Pakyong, November 6 : In recent years, there has been a concerning surge in the number of people experiencing sudden heart attacks worldwide. This alarming trend has left both healthcare experts and the general population perplexed. What’s particularly worrisome is that this spike in sudden heart attacks isn’t limited to older adults; shockingly, it’s affecting younger individuals and even children.
Incidents of young people succumbing to heart attacks during various activities such as gym workouts, dancing, sitting at home, singing, or even while flying on planes have been making headlines over the past few years. These occurrences are both astonishing and distressing, and they beg the question: What is causing this surge in heart attacks?
Two prominent healthcare institutions, the World Health Organization (WHO) and the Indian Medical Council (ICMR), have been diligently investigating the root causes behind this disturbing trend. After an extensive examination of the available data, they have reached a significant conclusion. The prevailing hypothesis suggests that COVID-19 might be a crucial factor behind the increasing incidence of heart attacks.
It appears that individuals who have been previously affected by the coronavirus are more susceptible to heart attacks. Furthermore, reports indicate that even seemingly healthy individuals are not immune to this risk. ICMR’s research underscores that individuals above the age of 40 who have a history of COVID-19 infection, particularly those with multiple comorbidities (Bering various pre-existing health conditions), are at a significantly higher risk of experiencing a heart attack within a year. Tragically, the chances of mortality in such cases are also elevated.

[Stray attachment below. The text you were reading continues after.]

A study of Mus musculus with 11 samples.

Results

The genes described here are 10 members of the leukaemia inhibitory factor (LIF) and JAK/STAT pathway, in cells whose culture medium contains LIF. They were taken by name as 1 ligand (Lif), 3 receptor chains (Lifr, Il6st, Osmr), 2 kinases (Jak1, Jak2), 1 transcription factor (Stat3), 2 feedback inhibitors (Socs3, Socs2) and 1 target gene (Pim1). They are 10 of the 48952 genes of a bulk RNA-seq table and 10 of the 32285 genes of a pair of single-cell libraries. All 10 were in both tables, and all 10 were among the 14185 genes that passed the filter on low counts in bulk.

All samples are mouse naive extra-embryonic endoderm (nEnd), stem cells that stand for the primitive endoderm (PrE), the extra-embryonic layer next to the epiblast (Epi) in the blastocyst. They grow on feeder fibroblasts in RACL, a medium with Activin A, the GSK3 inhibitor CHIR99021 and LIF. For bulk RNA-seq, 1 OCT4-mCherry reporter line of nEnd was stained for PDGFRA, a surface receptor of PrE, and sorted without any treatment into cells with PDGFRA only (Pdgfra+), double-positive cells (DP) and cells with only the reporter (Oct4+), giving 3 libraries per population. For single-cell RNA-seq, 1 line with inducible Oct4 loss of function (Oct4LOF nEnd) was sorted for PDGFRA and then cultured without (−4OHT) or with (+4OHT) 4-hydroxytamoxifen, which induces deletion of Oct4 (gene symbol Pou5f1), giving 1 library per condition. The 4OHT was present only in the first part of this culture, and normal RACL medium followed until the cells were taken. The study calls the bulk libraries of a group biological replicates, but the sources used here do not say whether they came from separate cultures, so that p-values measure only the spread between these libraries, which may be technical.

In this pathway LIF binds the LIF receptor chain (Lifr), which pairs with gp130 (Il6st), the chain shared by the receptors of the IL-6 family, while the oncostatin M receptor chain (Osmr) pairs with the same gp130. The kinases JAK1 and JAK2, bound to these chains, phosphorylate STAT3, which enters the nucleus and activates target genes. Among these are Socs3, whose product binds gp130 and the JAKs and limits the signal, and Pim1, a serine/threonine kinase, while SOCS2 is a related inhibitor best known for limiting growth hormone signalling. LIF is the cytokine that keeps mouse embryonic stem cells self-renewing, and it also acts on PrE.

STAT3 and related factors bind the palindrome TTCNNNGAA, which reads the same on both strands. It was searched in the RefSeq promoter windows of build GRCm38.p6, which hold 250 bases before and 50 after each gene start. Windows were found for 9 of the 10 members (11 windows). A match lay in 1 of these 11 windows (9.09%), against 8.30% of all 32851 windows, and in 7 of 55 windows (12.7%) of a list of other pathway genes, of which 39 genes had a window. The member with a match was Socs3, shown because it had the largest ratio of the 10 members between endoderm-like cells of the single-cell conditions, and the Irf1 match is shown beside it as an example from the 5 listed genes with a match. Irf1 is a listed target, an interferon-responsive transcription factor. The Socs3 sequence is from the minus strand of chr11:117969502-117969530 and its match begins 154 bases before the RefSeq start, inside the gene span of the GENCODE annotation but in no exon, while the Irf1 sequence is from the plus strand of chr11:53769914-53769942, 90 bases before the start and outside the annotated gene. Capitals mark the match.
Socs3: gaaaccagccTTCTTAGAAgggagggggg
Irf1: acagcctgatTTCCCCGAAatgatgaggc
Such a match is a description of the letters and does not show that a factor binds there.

The advice from healthcare experts, supported by both ICMR and the Ministry of Health, is clear. Even after recovering from COVID-19, patients should avoid engaging in strenuous activities or vigorous workouts for at least one to two years. It is crucial for individuals who have endured prolonged cases of COVID-19 to exercise caution, as the virus can persist for extended periods, ranging from 14 days to one or two months.
Research indicates that those who have battled long-lasting COVID-19 symptoms for two to three months are at an even higher risk of experiencing a heart attack. Long COVID-19 symptoms can linger, sometimes for one to two months, even after apparent recovery. Many patients have reported a delayed return of their sense of taste and smell, which can take up to three to four months to fully reactivate.
According to a WHO report, in Europe, approximately 170 million people have suffered from long COVID-19, while in India, the number stands at a staggering 40 million. ICMR conducted an extensive case study among these 40 million individuals who experienced long COVID-19. Shockingly, 17% of them reported experiencing persistent symptoms, including breathlessness, fatigue, restlessness, and even memory loss related to brain function. Notably, these individuals are at a threefold higher risk of suffering a heart attack.
Health experts from renowned healthcare institutions have observed that after COVID-19 infections, there is a concerning increase in cases of blood clotting and issues related to blood vessels. These complications are closely linked to an elevated risk of heart attacks, as the COVID-19 virus primarily affects the heart, even after apparent recovery.
In conclusion, the unexpected surge in heart attacks, affecting a wide range of age groups and seemingly healthy individuals, is a concerning consequence of the COVID-19 pandemic. It is essential for everyone, especially those who have battled COVID-19, to be aware of the potential risks and take precautions to protect their cardiovascular health.